A macro is an instruction into a set of instructions to perform a particular task. There are actually two ways to create macros in both office suites.
Macros allow you to perform and automate various functions in a document. Those functions can either be natively performed through a feature built into the application or they can introduce a new feature.
The simple way is to record a macro with an icon in the ribbon or by clicking the record item in one of the menus. The more complex way is to write code.
Many Microsoft Office power users are familiar with Visual Basic for Applications (VBA). This is the language Office records macros in. VBA is also the only language you can use to manually write macros with.
This article compares recording macros in Microsoft Office applications and LibreOffice. For Microsoft, it will explain how macros are recorded for the Windows and Mac versions of Word, Excel, and PowerPoint.
People have been working together on documents generated by office suite applications for decades now. One person would create the document and write his part before sending it to his colleagues, so she could create her part and make comments on his.
In the past 10 years, this collaboration has happened in real-time. Google’s office suite made it popular and easy for students, colleagues, and others to log in to their Google accounts to work on a document. A group of people work on a document, and they can see each other’s changes almost as soon as they are made. This is known as real-time collaboration.
LibreOffice and Microsoft Office have made strides to catch up to the new kid on the block. Both have taken slightly different directions. They allow for multiple people to collaborate on a document.
However, with its past two versions of its office suite, Microsoft has given users the ability to collaborate in real-time, like Google Drive users can do, through its desktop applications. With the 2013 and 2016 versions, users could work with others at the same time from the applications installed on their computers.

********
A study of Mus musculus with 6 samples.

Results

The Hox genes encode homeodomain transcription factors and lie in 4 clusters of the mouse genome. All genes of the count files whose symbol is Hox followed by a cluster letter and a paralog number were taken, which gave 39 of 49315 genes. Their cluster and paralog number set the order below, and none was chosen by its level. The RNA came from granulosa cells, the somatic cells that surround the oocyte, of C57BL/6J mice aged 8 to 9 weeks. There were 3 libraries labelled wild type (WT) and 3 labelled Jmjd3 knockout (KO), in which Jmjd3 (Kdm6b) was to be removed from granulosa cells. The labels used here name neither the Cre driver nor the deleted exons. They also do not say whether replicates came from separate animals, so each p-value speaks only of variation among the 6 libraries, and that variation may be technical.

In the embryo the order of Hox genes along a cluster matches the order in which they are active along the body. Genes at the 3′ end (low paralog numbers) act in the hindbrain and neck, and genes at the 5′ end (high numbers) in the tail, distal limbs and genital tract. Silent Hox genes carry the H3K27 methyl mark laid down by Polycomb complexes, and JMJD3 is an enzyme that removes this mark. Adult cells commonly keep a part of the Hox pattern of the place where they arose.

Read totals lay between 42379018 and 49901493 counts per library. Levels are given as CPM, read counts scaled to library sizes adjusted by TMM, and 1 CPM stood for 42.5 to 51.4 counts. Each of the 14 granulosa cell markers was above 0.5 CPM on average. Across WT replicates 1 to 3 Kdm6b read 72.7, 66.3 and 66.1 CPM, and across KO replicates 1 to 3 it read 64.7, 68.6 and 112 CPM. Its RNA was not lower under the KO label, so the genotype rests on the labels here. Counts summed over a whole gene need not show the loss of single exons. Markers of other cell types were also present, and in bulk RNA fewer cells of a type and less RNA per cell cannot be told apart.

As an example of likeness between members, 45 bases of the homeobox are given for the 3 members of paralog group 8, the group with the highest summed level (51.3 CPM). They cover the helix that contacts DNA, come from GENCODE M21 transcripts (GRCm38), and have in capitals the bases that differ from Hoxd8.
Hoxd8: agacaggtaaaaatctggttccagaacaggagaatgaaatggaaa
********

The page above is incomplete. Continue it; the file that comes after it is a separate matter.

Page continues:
The latest versions of LibreOffice still don’t allow for real-time collaboration through its desktop applications, but they now have applications that can be installed on a server. These allow for real-time collaboration.
This article will mainly compare the collaborative features of LibreOffice and three of the applications from Office 2016: Word, Excel, and PowerPoint. Comparisons will be made with Google Drive as well since it is the office suite that is best known for real-time collaboration, and like the other two, is used by millions of people.
When OpenOffice was first released it was available for Linux distros and Windows natively, but it ran on Mac under Unix. A company called NeoOffice responded by forking the code into their own distribution for the Mac.
For the past 5 or 6 years LibreOffice and OpenOffice have run natively on Mac, but NeoOffice is still being developed. The suite is being sold through the Mac App Store for $29.99.
It has some different features than it’s other open-source counterparts. These include being able to sync with iCloud and having independent floating windows that are common to a lot of Mac applications.
This article will compare the two office suites.
In the last blog entry, I talked extensively about connecting to your Google Drive account directly through LibreOffice and using the Google Drive application that can be installed on Mac or Windows.
There is another way to share and update documents created in LibreOffice using your Google Drive account, however. Simply launch your favorite Web browser go to your Drive account and upload the desired documents and folders.
A Web browser has several advantages over using the Google Drive application or a third-party application. One of the key reasons is that you don’t need to have all the documents from your Drive account downloaded to your computer.